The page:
Hello fellow nurses,
I have a peer panel interview tomorrow for labor and delivery and I'm a bit nervous. I applied for the job back in March and the manager called me for a phone interview. It went well and she told me to contact her once I passed boards. She called me the day after I took them and I had an interview and shadow the following week. I am praying I land this job just wondering what types of questions my fellow OB nurses would ask me. thank you in advance
I am not an OB nurse, nor have I ever aspired to be one. I'm an ICU nurse of several decades duration. BUT new grad interviews are pretty much the same everywhere. Be prepared to explain over and over -- in varying ways -- why you want to be an OB nurse and why THIS unit or THIS hospital. Try to be friendly, emphasize your ability to work well with others and your dependability as an employee. To quote my manager, "We just want to hire someone that everyone wants to work with -- we can train them to take care of our patients."
Best of luck in your interviews!
Absolutely second everything Ruby Vee said. As a new grad, they're not going to expect you to have any technical knowledge. But they will want to suss out your personality, reliability, ability to work well with others, ability to be assertive, etc.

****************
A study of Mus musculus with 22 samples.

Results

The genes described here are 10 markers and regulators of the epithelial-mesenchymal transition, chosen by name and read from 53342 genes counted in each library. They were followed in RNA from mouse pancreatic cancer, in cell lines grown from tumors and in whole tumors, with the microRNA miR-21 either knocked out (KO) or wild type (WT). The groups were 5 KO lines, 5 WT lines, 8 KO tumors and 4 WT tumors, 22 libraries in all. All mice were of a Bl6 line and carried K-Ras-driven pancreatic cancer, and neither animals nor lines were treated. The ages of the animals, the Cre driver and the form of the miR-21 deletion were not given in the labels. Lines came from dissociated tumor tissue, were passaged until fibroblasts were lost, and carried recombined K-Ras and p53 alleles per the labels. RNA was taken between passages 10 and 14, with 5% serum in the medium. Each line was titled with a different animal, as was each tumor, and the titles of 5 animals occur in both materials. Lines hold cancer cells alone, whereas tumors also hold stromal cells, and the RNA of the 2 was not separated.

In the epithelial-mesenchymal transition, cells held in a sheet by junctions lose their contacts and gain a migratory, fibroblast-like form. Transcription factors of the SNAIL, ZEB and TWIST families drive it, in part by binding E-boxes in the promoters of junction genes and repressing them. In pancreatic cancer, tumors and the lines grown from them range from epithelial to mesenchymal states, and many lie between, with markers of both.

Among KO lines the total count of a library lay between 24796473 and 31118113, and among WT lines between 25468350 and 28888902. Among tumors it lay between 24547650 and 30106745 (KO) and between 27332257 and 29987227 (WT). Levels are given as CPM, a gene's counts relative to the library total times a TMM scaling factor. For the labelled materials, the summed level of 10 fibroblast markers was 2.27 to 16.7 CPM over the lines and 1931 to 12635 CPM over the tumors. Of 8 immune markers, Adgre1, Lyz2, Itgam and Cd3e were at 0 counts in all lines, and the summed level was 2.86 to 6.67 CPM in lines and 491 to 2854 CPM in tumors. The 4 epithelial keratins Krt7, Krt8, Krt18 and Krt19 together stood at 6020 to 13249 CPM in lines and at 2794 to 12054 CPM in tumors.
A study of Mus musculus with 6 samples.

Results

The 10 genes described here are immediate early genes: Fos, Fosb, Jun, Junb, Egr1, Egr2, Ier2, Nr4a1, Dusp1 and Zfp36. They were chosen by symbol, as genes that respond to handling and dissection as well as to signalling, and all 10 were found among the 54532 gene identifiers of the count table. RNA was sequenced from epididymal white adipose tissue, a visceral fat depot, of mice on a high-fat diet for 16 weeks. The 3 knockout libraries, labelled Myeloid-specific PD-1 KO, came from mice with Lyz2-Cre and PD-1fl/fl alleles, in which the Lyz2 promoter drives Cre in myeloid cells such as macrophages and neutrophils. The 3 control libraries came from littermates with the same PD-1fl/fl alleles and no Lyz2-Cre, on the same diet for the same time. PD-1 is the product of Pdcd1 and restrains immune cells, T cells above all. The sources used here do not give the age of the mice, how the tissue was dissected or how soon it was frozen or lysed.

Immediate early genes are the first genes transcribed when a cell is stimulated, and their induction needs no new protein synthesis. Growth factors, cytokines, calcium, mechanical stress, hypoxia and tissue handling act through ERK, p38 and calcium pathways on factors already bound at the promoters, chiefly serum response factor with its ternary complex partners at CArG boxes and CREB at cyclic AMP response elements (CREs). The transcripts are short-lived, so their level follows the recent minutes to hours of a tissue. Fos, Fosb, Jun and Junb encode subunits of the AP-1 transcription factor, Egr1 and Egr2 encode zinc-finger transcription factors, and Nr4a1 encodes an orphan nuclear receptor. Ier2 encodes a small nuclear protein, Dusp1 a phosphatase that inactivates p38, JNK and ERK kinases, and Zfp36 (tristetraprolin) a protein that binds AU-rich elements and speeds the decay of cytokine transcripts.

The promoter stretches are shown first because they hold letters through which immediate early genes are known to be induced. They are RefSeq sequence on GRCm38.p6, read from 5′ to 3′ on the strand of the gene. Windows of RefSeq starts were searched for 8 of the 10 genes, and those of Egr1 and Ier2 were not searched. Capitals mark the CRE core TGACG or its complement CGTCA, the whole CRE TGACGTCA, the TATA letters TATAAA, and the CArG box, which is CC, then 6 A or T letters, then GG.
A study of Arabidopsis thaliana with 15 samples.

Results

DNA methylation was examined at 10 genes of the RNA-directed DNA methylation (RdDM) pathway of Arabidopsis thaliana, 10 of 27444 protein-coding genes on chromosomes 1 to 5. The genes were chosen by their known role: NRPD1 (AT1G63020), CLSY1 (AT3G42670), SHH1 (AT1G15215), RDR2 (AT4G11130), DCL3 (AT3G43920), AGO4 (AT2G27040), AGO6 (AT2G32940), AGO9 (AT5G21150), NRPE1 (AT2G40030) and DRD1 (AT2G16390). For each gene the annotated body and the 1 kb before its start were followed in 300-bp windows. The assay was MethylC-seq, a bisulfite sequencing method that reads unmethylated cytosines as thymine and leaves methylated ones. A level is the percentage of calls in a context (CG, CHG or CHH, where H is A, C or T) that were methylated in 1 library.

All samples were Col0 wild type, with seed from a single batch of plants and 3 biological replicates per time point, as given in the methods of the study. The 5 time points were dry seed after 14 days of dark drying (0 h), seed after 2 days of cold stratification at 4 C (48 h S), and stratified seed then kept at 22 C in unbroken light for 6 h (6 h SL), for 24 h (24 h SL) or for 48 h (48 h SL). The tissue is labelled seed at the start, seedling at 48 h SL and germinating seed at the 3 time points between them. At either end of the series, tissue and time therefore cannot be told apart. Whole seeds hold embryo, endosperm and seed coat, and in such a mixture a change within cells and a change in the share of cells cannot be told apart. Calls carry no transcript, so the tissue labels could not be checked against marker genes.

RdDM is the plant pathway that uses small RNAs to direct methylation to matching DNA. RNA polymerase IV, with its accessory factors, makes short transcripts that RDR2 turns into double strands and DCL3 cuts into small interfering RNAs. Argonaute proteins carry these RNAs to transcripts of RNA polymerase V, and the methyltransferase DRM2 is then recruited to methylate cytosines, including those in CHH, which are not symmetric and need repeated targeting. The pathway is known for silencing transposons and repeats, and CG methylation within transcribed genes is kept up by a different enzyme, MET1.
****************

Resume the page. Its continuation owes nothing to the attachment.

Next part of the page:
I just accepted a position in Labor and Delivery as a new grad (yay!). I also had a panel interview in which they asked me as series of situational types of questions. I was prepared but was not asked any nursing knowledge questions. What questions I remember being asked were:
- Tell me about yourself.
- Why do you want to be a nurse.
- Why do you want to work at this hospital.
- Tell me about a time you experienced a conflict and the outcome.
- Tell me about about a time you had a difficult patient.
- Tell me about a time you failed and what you learned from it.
- Tell me about a manager you liked and why.
- What do you like about Labor and Delivery?
I also put together a packet with my cover letter, resume, recommendation letter, and copies of my licenses/certification. Other than that we just discussed my certifications and the activities I was a part of on my resume. Just reflect on your clinical experiences (a conflict, your best day, etc.) and have a bank to pull from and be confident! I'm sure you'll do great!
A strategy that has worked well for me for various interviews I've had over the years is to do some research about the facility. Look up the mission statement and core values (or whatever this institution calls them). See if the unit has any special certifications, has won awards/ recognition relevant to the specialty or offers any special programs for it's patients. Think about how you personally align with or have particular interest in anything you came across during your research.
This is how I selected to apply for my current employer. And now I feel like I'm a good "fit" with this employer, which is beneficial for the employer as well as myself.
Side note about panel interviews - they are more about the team assessing whether you would be an asset to their team. Beyond the basics learned in school, much of the learning for a speciality and a unit occurs on the unit. What they are likely looking for is a positive attitude, strong positive character attributes, a willingness to learn and good basic critical thinking skills.